Federal officials will not file charges against seven guards and a nurse in the Florida boot camp death of 14-year-old Martin Lee Anderson.
Anderson died on January 6, 2006, a day after he was attacked by the guards, while the nurse looked on. The entire incident was caught on videotape.
The video showed the seven guards punching and kicking Anderson, pushing ammonia capsules into his nose and dragging his body around the camp’s yard.
The eight people involved were acquitted of manslaughter charges by an all-White jury in 2007, but Florida closed all boot camps for juvenile offenders in the aftermath.
Officials from the Justice Department say that after an extensive investigation, there was insufficient evidence to file charges. “Under the applicable federal criminal civil rights laws, prosecutors must establish, beyond a reasonable doubt, that an official “willfully” deprived an individual of a constitutional right, meaning that the official acted with the deliberate and specific intent to do something the law forbids,” the Justice Department said in a press release. “Neither accident, mistake, fear, negligence nor bad judgment is sufficient to establish a federal criminal civil rights violation.”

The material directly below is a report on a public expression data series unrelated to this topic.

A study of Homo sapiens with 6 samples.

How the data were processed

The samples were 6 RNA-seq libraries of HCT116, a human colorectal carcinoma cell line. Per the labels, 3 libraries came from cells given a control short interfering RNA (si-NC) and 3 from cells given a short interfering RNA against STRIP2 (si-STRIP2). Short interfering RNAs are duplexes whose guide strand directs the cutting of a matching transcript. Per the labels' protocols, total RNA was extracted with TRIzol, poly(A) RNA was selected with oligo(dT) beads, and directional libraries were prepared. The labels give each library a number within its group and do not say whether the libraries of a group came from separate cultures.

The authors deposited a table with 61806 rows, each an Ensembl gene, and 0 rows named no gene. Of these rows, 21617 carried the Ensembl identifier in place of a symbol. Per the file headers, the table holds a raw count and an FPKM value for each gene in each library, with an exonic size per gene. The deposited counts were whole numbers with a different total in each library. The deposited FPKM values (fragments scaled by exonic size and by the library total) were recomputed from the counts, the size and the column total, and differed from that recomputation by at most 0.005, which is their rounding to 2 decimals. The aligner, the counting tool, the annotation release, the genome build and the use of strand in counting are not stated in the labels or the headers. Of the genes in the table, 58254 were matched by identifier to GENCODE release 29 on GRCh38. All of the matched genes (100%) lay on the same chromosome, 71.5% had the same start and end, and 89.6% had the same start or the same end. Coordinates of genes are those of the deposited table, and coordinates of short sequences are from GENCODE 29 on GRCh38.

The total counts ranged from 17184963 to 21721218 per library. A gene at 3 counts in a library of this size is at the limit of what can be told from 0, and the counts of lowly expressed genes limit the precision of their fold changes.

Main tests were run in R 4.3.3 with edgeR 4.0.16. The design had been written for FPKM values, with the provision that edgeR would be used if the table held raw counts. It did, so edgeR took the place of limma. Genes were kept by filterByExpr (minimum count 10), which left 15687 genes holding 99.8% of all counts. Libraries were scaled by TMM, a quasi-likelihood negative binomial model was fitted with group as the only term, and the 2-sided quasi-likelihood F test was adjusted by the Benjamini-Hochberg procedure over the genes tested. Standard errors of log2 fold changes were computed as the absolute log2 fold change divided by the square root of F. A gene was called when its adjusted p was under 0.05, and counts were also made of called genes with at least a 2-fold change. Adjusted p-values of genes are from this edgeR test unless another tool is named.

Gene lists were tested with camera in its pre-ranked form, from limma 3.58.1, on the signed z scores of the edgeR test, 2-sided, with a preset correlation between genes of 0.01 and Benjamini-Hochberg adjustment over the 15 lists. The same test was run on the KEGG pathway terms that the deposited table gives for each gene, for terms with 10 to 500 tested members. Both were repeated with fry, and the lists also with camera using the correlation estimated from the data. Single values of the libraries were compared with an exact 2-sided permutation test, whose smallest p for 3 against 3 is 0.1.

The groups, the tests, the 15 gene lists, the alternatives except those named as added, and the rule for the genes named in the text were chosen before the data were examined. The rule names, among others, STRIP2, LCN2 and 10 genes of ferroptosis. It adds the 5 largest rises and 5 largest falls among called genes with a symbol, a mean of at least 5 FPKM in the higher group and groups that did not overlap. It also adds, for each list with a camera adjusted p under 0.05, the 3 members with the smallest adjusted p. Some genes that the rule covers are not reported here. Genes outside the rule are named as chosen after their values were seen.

Despite the ruling, Anderson’s family says they will continue to fight for justice.
“It’s not over,” Gina Jones, Anderson‘s mother, told the Associated Press. “It’s not closed and I’m going to make sure it stays open. That was my baby. There was no reason to be beaten like that.”
Ben Crump, the attorney representing Anderson’s parents said the family will travel to Washington, D.C. to speak U.S. Attorney General Eric Holder. Only Holder or President Obama can allow charges to be pursued.
“We need our civil rights division to give people faith in the system that there is equal justice for everybody,” Crump told the Tallahassee Democrat. “The people are just so desperate to believe in our system.
“If there was ever one time we thought that they were going to hold the system accountable for killing a loved minority, it was this.”
A lawsuit filed by Anderson’s parents against Florida and Bay County resulted in a $7.4 million settlement.